West Dunbartonshire councillor Marie McNair has backed a charity service urging people to get their hearing checked so they can benefit from using hearing aids and assistive equipment.

Action on Hearing Loss Scotland supports people who are deaf or have hearing loss or tinnitus to live the life they choose by campaigning for equality, and access to developing technology and treatments.

The charity’s “hear to inform and connect” service aims to reach out via local community and social groups in West Dunbartonshire to encourage older residents to get their hearing checked while also offering a range of services and support to minimise the impact of hearing loss in everyday life.

McNair, (above left), councillor for Clydebank Waterfront, said: “Action on Hearing Loss Scotland tell me that people wait, on average, 10 years from the point that they first notice hearing difficulties before going for a hearing test.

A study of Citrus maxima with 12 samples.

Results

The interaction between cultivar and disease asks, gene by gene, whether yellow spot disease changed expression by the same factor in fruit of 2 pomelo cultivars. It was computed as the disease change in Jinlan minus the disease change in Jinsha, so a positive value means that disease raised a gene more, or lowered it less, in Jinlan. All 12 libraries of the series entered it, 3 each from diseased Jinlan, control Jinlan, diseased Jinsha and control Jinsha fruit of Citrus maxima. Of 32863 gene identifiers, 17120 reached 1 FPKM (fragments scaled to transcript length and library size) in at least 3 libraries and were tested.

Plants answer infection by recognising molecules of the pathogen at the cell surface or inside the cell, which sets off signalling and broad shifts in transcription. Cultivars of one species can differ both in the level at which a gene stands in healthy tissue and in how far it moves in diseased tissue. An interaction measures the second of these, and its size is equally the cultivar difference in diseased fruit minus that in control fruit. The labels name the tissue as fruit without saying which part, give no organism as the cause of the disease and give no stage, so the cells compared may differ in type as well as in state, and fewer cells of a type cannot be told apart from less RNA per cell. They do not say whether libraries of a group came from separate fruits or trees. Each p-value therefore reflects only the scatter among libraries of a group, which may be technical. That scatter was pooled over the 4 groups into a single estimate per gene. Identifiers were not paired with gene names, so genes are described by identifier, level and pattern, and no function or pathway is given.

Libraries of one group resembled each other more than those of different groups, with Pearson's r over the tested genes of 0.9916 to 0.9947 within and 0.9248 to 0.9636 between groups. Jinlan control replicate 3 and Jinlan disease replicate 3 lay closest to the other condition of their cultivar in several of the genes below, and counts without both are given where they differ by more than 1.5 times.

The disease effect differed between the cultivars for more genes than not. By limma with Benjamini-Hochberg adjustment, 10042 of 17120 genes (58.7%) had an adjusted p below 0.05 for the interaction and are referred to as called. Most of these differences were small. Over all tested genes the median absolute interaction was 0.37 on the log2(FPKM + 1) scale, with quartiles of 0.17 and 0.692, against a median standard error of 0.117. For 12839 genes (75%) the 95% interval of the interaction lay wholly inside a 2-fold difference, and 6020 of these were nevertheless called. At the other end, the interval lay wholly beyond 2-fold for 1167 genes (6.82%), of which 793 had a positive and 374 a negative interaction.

“I’m pleased to back the charity’s call on older people to get their hearing tested as soon as they start struggling to follow conversations because the digital hearing aids and modern technology, such as amplified phones or personal listeners, these days can help many to hear more clearly and stay connected with family, friends and neighbours.”

Teri Devine, director of action at Hearing Loss Scotland, thanked Cllr McNair for her support, adding: “We would like to engage with as many local community and social groups as possible to reach older West Dunbartonshire residents and highlight how hearing aids can bring great benefits for people.”

For more information about the service, email: info.scotland@hearingloss.org.uk, or telephone/text: 07388 227407.